With a name like The Horsemen, you’d expect this group’s subject matter to be dark and menacing. An album called “Sleepy Hollow” doesn’t change things, evoking memories of the classic Washington Irving tale. The cover art, depicting a shadowy figure holding a magnificent sword with twisted trees in the background, further suggests that sinister music is held within. So when you pop in this disc, you’d expect to hear some Gravediggaz type shit, right?
In this case, you can’t judge a book by its cover. From the get-go, “Sleepy Hollow” is an eclectic, varied collection of hip-hop. “We Be Them Horsemen” introduces the duo with flashy, blindingly fast rhyming. The production contains traces of a southern bounce influence with a speedy string loop. What’s odd about track one is that nothing else like it is heard on the rest of the album. This is a perfect example of the inherent flaws of an album like this: The Horsemen seem to have no idea what kind of artists they are. The musical backdrop on the album varies from jazzy smooth-listening to club-ready dance tracks. The same problem occurs with the lyrics, which jump all over the place. Don’t misunderstand me, there is nothing wrong with variety. In fact, many rappers are dragged down by the monotony of their music. However, an album that combines so many different themes, concepts, and musical values as “Sleepy Hollow” is doomed from the start.
Since the subject matter is so scattered, there are undoubtedly a few songs that the Horsemen will nail. “Head on Collision” is a straight battle track, with laid-back production that sounds just right. The lyrics are on point as well:
“Attacking your rhyme skills like a head on collision
Hope your mic got airbags cause your seatbelts are missing
Niggas listen, shouldn’t have fucked with the Horsemen’s what you wishing
Now its too late ’cause now our mindstate’s on a mission”
“Twistin'” puts a surprisingly effective spin on the Cristal-popping club track of today. The beat is rough, but K-Duv and Vis drop descriptive verses on their pursuit of ladies in the spot. Remixed with a more involving beat, this cut would be pure heat, but it stands nonetheless as proof of the duo’s storytelling abilities. The excellent “Welcome To The World Of Vis” slows things up a bit, and Millionaire pumps out a beautifully mellow jazz track. Unfortunately, these are just interludes between uninspired joints such as “Move Ya Azz” and “Leavin’.” Even K-Duv’s solo song is ruined by an irritating hook. The discrepancy in quality from song to song plagues the album just as much as the conceptual shakiness. The result is that “Sleepy Hollow” is very uneven.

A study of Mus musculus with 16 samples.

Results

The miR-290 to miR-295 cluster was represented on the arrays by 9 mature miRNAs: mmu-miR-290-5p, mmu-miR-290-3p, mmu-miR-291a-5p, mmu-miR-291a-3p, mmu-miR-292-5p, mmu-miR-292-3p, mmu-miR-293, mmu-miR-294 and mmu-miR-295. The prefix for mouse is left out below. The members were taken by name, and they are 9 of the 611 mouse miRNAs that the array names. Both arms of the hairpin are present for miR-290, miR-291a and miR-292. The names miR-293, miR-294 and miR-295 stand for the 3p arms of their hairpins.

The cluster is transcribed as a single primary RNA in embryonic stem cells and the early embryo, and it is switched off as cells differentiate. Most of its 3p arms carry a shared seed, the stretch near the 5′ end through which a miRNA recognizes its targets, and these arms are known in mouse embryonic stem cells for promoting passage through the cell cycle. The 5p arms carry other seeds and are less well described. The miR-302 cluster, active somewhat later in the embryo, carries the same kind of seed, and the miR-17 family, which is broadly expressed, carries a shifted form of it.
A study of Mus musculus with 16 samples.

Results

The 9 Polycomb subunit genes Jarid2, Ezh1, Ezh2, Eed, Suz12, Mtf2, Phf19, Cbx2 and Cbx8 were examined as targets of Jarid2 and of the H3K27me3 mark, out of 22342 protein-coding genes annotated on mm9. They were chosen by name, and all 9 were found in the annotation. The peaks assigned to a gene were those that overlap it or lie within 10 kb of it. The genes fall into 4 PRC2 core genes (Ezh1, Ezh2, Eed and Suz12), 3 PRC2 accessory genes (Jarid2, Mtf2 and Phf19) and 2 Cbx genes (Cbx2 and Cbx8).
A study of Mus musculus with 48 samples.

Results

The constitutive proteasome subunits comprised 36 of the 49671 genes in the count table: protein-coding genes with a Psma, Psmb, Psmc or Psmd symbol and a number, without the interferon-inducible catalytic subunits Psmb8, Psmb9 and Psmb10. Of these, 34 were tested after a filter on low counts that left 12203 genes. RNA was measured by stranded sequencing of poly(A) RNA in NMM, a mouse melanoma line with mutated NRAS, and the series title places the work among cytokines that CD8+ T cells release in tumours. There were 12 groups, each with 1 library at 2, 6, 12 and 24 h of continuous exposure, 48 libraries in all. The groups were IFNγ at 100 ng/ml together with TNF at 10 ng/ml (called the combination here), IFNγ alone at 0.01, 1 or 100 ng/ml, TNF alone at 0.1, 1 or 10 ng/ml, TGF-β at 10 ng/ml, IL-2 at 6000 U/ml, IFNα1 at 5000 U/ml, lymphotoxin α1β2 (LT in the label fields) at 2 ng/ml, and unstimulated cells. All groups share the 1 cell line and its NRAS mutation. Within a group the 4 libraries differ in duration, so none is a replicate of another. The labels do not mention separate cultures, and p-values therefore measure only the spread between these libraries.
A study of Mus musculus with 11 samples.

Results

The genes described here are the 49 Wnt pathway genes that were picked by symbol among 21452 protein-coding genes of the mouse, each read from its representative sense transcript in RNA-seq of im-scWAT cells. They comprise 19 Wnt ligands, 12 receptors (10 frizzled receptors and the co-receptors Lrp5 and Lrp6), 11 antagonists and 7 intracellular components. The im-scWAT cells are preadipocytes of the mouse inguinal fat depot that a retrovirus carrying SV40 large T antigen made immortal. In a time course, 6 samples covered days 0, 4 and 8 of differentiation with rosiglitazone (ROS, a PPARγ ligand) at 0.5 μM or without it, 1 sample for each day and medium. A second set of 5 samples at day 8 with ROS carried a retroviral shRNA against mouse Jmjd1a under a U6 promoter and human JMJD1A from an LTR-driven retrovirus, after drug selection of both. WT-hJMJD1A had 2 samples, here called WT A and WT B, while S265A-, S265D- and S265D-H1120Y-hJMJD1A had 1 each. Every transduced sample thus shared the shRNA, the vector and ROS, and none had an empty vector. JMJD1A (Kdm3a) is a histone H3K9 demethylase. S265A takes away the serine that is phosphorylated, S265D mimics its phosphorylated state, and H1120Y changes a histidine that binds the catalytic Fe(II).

It is sad to hear such potential unfulfilled, but it’s downright depressing to be exposed to the sexually explicit skits that make an appearance here. There are only a few, but they are overlong and COMPLETELY pointless. The flow of “Sleepy Hollow” is disrupted frequently, but these poorly placed skits just make it worse.
This album reminds me a lot of Danja Mowf’s 1997 album “Word of Mowf.” Both contain songs of the widest variety, and skits fill out the track listings nicely. Danja Mowf’s debut is the ONLY record I have ever heard that successfully executes what “Sleepy Hollow” attempts. The reason for this is that constructing an entire album of such varied music is very difficult. Only with brilliant concept songs and versatile rhymes can such a work succeed. The Horsemen show flashes of both, but there are only a few songs that feature both quality lyrics and production.
The Horsemen certainly have talent. This much is obvious at various points throughout the LP. If they had focused their collective energies to a more unified type of hip-hop, instead of trying to cover the entire spectrum, the results could have been great. As it stands, though, they try to do too much. There is some material that is worth a listen here, but there is more that isn’t. With a little more focus, these Mount Vernon, NY emcees will put it down in the future. “Sleepy Hollow” is just too randomly constructed to work.